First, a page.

We all know we should eat fruit and veg, because of their vitamins and minerals and fibre and so on, but have you heard about phytochemicals? Phytochemicals, or phytonutrients, are naturally occurring chemicals that give plants their colour, flavour and aroma. They are produced by the plants in order for them to grow, reproduce, protect themselves and many other biological functions. Phytochemicals are not classed as “essential nutrients” but research has shown that they can strengthen our immune system, help fight cancer and diabetes, support healthy aging and repair DNA.
Rather handily, phytochemicals can be grouped according to colour and function. So, as you will see below, red fruit and veg contain particular phytochemicals that have particular properties, same for orange, green, and so on. How do we reap get the benefits? Pretty easy really, just make sure you eat a range of different coloured fruit and veg each day (making sure you don’t miss any colours out!) to get all the phytochemicals you need to be well and strong.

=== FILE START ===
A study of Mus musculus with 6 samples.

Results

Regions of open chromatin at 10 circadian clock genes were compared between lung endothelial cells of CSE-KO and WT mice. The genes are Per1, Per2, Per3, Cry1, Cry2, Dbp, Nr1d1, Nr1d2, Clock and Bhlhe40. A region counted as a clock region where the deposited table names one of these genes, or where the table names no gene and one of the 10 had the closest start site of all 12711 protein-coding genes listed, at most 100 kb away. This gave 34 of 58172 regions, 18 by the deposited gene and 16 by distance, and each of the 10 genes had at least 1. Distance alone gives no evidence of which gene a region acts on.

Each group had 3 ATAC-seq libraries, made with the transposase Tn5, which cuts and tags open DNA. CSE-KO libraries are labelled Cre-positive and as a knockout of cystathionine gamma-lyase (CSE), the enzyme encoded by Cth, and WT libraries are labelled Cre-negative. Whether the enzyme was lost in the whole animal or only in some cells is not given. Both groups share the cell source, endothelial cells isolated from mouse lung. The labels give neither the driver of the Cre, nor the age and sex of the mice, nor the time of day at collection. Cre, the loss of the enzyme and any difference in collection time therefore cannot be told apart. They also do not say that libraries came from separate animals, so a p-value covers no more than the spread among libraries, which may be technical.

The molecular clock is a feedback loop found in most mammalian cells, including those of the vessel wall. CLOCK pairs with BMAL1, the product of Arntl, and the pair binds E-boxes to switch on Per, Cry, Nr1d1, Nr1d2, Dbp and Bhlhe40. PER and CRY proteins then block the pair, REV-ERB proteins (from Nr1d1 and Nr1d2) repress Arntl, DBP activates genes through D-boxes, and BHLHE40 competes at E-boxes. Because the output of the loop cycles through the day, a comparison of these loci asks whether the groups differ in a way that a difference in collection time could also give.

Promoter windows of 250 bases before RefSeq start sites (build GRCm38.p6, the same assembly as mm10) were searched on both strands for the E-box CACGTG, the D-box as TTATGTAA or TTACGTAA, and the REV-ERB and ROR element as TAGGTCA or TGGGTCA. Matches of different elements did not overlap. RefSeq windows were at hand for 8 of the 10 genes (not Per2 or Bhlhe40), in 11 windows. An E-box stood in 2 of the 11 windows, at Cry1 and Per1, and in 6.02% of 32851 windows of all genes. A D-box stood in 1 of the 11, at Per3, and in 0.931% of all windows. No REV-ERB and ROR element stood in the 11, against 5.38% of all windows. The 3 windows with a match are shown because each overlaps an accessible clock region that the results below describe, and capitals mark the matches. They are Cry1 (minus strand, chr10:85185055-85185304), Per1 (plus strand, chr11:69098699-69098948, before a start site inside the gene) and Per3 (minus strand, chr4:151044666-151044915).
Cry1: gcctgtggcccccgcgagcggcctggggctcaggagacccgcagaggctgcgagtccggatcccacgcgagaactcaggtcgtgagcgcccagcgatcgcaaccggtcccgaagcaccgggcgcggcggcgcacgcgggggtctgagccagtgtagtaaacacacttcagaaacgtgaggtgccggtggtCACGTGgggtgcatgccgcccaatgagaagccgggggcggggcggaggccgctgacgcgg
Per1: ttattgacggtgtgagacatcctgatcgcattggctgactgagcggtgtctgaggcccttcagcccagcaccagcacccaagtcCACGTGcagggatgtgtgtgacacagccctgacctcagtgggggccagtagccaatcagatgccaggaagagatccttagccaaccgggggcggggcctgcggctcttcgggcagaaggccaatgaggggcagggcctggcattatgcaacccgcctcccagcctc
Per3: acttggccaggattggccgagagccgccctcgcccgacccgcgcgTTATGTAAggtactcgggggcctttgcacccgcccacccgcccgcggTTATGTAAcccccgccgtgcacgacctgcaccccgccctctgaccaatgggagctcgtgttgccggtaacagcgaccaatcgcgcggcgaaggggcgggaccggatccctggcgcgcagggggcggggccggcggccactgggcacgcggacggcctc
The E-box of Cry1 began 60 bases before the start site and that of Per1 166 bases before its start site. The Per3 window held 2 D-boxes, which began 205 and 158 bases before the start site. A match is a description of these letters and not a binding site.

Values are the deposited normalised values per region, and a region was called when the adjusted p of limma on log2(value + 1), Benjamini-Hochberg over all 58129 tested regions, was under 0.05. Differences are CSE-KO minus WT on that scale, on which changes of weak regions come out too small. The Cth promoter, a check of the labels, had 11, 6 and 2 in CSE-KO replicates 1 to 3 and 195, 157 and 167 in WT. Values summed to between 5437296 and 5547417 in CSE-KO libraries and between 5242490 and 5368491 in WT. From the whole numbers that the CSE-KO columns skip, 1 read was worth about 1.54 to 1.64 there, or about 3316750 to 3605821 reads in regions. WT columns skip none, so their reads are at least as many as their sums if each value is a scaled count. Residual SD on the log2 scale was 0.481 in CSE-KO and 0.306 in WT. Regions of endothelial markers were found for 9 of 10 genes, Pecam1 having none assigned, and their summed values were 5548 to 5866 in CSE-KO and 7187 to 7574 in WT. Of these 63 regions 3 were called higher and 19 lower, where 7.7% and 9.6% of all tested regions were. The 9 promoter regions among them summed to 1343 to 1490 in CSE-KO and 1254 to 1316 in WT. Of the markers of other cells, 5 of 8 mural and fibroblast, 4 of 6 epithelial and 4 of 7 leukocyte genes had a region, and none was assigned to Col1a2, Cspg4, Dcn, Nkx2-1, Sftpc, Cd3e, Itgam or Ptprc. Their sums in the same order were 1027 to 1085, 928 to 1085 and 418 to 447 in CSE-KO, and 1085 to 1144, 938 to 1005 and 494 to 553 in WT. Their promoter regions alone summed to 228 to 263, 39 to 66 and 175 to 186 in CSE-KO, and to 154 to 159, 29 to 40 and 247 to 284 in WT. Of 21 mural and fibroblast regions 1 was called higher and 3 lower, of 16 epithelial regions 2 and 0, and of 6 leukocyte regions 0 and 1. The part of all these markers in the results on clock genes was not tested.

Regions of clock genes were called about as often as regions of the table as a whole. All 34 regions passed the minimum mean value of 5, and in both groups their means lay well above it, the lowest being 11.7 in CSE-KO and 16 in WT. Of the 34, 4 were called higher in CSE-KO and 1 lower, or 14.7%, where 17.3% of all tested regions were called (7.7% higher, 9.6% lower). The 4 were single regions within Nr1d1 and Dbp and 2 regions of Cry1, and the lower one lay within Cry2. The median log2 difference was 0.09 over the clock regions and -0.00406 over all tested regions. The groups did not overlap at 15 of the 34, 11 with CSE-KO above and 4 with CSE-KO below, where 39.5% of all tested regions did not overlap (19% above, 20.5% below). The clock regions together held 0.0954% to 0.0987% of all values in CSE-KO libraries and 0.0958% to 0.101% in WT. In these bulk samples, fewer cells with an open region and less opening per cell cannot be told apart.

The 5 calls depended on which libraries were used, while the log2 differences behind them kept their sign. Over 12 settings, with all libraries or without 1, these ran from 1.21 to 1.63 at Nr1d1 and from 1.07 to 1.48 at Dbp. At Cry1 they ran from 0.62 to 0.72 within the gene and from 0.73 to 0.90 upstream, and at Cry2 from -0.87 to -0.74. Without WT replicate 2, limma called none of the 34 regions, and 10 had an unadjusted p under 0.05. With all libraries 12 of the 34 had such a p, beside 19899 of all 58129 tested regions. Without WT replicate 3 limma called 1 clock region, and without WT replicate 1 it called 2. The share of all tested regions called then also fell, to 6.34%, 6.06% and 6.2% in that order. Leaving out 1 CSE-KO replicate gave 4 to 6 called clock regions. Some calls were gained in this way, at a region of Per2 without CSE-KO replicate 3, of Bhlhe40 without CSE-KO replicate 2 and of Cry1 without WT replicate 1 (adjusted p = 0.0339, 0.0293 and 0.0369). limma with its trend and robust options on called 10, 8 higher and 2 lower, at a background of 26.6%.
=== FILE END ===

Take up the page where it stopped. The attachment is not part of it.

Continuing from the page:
Purple – such as eggplant, red grapes, plums, beetroot, raw cacao (not dairy milk!)
- Contain phytochemicals such as resveratol and falvonoids
- Fights cancer, supports healthy aging, great for heart, brain, bone, arteries and cognitive well being
Red – such as tomatoes, melon, red berries
- Contain phytochemicals including lycopene (in tomatoes, when cooked) and ellagic acid
- Help protect against heart disease and cancer, support prostate, urinary tract and DNA health
Orange / yellow – such as pumpkin, carrots, sweet potato, bananas, peaches
- Contain phytochemicals such as beta-carotene (yep, we’ve heard of that one before!) and lutein
- Great for eye health, immune function and to support healthy growth and development
Green – such as spinach, broccoli, zucchini, kiwi fruit, avocado
- Contain phytochemicals such as isoflavones and indoles
- Help support eye, lung, liver, gum and cell health. Also support wound healing and arterial function
White – such as potatoes, cauliflower, onion, garlic, cannellini beans
- Contain phytochemicals such as allicin and glucosinolates
- Support healthy bones, circulatory system and arterial function. Help fight heart disease and cancer
Whilst we don’t yet know how the phytochemicals work, we do know that they work best when consumed in whole foods (with the exception of lycopene, found in tomatoes in greater quantities when cooked – there’s always one!). So, grab your fruit and veg, and eat the rainbow!